For the last few years, a number of Labour party intellectuals, particularly those around ippr and Renewal magazine, have argued that the government should be getting much more involved in a debate with the electorate about how we can make our country fairer and its public services more efficient. This is in stark contrast to the previous orthodoxy, which was crudely characterised as saying ‘we got a huge majority, let’s push through the really controversial policies like foundation hospitals and top-up fees, and once they start working, people will forget they ever made a fuss’.
Recently, Geoff Mulgan and Matthew Taylor, who drafted the Big Conversation document, have become authoritative voices within No 10. This seems to suggest that those arguing for some kind of renewal of the contract between government and the governed are winning the day. But caution is required: we’ve been here before.
The government has launched a number of public consultations on issues like welfare and entry into the euro. Each one has gone off half-cock and has been quietly dropped after a few months or even weeks. Is that because there was no real political will behind them, or are there genuine questions associated with attempting to conduct a conversation with the electorate that we’ve so far failed to answer satisfactorily?
I think there are, and the press have started asking some of them. The word ‘conversation’ implies that the players share their experiences via language and subsequently leave the dialogue mutually enriched. Is this what the government has in mind? If so, what resources are available to process the ideas that arise out of the dialogue? How will they be synthesised, and how will this synthesis be fed back into the party’s policy-making structures? On the other hand, if this isn’t what the government wants, and instead is trying to reassert what it already believes to be true, why should anyone outside the charmed political circle be interested in the process?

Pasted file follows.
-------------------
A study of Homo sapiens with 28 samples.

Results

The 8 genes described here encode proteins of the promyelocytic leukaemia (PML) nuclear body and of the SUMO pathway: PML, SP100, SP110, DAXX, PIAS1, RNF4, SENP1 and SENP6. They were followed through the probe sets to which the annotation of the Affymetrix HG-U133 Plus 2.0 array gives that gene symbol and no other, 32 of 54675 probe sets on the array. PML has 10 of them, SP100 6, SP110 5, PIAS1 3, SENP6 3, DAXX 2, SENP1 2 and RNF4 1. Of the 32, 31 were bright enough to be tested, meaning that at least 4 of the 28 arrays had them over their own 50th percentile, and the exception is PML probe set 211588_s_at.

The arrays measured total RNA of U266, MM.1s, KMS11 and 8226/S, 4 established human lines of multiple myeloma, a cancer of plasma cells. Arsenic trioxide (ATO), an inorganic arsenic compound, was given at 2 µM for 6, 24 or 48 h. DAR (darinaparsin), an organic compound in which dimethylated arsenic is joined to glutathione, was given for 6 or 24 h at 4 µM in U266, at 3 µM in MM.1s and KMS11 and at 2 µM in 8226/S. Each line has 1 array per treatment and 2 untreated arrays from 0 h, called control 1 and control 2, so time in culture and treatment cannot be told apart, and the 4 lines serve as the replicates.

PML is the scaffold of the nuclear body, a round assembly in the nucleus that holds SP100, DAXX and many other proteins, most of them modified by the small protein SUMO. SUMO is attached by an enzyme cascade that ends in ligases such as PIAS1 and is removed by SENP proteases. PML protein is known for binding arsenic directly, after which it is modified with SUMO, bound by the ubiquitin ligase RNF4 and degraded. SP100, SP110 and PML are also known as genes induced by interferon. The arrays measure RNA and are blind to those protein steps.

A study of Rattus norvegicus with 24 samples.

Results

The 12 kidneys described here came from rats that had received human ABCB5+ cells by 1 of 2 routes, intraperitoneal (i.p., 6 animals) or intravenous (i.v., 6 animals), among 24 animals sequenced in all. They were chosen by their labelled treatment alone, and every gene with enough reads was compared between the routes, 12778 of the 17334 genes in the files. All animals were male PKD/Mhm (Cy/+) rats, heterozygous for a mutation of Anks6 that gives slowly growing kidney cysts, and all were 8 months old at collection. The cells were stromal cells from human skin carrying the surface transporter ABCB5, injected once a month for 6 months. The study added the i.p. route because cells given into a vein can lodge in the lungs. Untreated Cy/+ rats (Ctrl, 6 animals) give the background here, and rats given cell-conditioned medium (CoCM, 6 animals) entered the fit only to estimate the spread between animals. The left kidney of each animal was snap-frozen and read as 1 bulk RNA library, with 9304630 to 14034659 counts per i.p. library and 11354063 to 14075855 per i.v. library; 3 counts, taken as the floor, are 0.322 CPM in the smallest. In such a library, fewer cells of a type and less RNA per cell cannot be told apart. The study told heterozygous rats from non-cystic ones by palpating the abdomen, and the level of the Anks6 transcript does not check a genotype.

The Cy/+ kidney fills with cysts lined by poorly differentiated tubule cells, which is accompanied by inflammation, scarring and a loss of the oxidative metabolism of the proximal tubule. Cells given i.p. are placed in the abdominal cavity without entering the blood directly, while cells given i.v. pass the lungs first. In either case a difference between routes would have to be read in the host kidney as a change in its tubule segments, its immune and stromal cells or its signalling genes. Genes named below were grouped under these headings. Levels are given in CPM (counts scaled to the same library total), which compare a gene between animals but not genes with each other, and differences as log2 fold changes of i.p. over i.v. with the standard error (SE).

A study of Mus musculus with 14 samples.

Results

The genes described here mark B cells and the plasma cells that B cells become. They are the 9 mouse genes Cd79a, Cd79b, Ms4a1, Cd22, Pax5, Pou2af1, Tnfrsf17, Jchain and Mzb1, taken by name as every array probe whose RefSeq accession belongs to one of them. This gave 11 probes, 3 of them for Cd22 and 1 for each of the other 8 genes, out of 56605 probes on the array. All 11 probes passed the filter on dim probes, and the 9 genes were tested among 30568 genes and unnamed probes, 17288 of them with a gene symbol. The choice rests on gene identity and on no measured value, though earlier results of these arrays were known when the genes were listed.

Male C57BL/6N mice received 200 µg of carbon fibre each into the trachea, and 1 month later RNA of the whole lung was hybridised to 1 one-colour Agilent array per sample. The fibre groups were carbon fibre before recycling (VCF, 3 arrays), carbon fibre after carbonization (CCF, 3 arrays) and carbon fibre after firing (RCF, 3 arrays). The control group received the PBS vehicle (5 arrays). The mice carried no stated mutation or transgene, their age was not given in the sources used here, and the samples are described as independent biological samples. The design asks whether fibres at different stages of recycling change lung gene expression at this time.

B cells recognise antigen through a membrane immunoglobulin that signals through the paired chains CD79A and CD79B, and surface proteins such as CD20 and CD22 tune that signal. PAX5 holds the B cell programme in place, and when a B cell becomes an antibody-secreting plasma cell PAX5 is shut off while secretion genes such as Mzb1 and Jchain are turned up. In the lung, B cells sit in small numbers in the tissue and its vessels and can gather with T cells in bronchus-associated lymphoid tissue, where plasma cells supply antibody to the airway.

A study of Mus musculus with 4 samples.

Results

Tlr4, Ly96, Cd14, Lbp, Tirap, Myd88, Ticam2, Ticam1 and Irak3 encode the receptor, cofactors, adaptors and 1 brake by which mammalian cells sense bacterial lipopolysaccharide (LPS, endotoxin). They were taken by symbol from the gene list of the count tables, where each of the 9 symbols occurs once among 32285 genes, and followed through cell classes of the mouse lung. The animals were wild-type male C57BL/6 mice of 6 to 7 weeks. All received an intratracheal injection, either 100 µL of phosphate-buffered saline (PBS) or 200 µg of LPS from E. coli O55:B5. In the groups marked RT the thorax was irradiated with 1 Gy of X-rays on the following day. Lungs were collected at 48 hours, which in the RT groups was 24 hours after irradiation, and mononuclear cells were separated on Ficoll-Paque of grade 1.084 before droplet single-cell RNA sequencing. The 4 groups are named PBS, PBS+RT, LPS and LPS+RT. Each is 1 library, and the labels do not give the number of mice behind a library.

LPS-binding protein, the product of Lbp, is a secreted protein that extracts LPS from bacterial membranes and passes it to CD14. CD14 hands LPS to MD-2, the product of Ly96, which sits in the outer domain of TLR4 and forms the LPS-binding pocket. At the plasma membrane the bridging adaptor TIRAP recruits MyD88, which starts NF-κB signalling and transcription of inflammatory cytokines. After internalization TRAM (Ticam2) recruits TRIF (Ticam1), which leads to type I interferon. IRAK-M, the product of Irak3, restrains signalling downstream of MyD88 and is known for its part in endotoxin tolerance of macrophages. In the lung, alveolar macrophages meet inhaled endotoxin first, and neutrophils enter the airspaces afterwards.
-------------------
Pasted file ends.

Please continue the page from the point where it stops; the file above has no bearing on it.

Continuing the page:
But there are other, more starkly political issues that arise out of trying to establish this kind of dialogue, and they’re vividly illustrated by the current shortcomings within the national policy forum process, which, whatever else it may be, is an imaginative attempt at a dialogue between government and party.
First, there’s the issue of tax. In case you didn’t know, you’re not allowed to mention it. Government ministers have been publicly dressed down for suggesting that this or that tax may rise, and NPF policy commissions have been inhibited from expressing fully the submissions they’ve received if they involve fiscal mechanisms.
It’s understandable. Who wants to provide the Daily Mail with a whole weeks’ worth of knocking copy because a party document suggests a tax on plastic bags or making producers responsible for the end-life of consumer durables? But if we choose to ignore the fact that those we consult are demanding these kinds of levers, then the consultation lacks genuine candour.
Second, there’s the question of credibility. How do you know if you’ve been listened to? How do you know anyone’s even read your submission? Even if they did read it, how do you know it didn’t go straight into the waste paper bin? The staff running the NPF are deeply committed, on very limited resources, to addressing this suspicion. Yet it remains the biggest criticism of the process in many constituencies. And the problem is that this scepticism can easily grow like a canker to feed the alienation of those who wish to return the party to a mythical, comradely golden era where we used to hew new imaginative policies out of composited resolutions.
Third, there’s the problem of rabbits. Politicians like to pull them out of hats, preferably as close to a general election as possible. Why would they want to celebrate the most imaginative ideas to come out of a consultation, if by doing so they give time for the opposition to rubbish them, adopt them or even top them? Far better to keep such ideas secret. And, for that matter, keep the best ideas generated by government departments secret too. Why share them with the NPF or the Big Conversation if it simply gives Michael Howard notice of their existence?
I’m not as pessimistic as this may sound. I’m convinced that Partnership in Power and the Big Conversation offer the template for a fruitful and imaginative way of sharing the challenges of power, not just for us, but for socialist and social democratic parties worldwide. But this is new stuff. Nobody’s tried it before. And we’re not going to get it right first, or even second time. Confidence is required from party members, candour from party and parliamentary staff, and, above all, courage and long-term commitment from our politicians.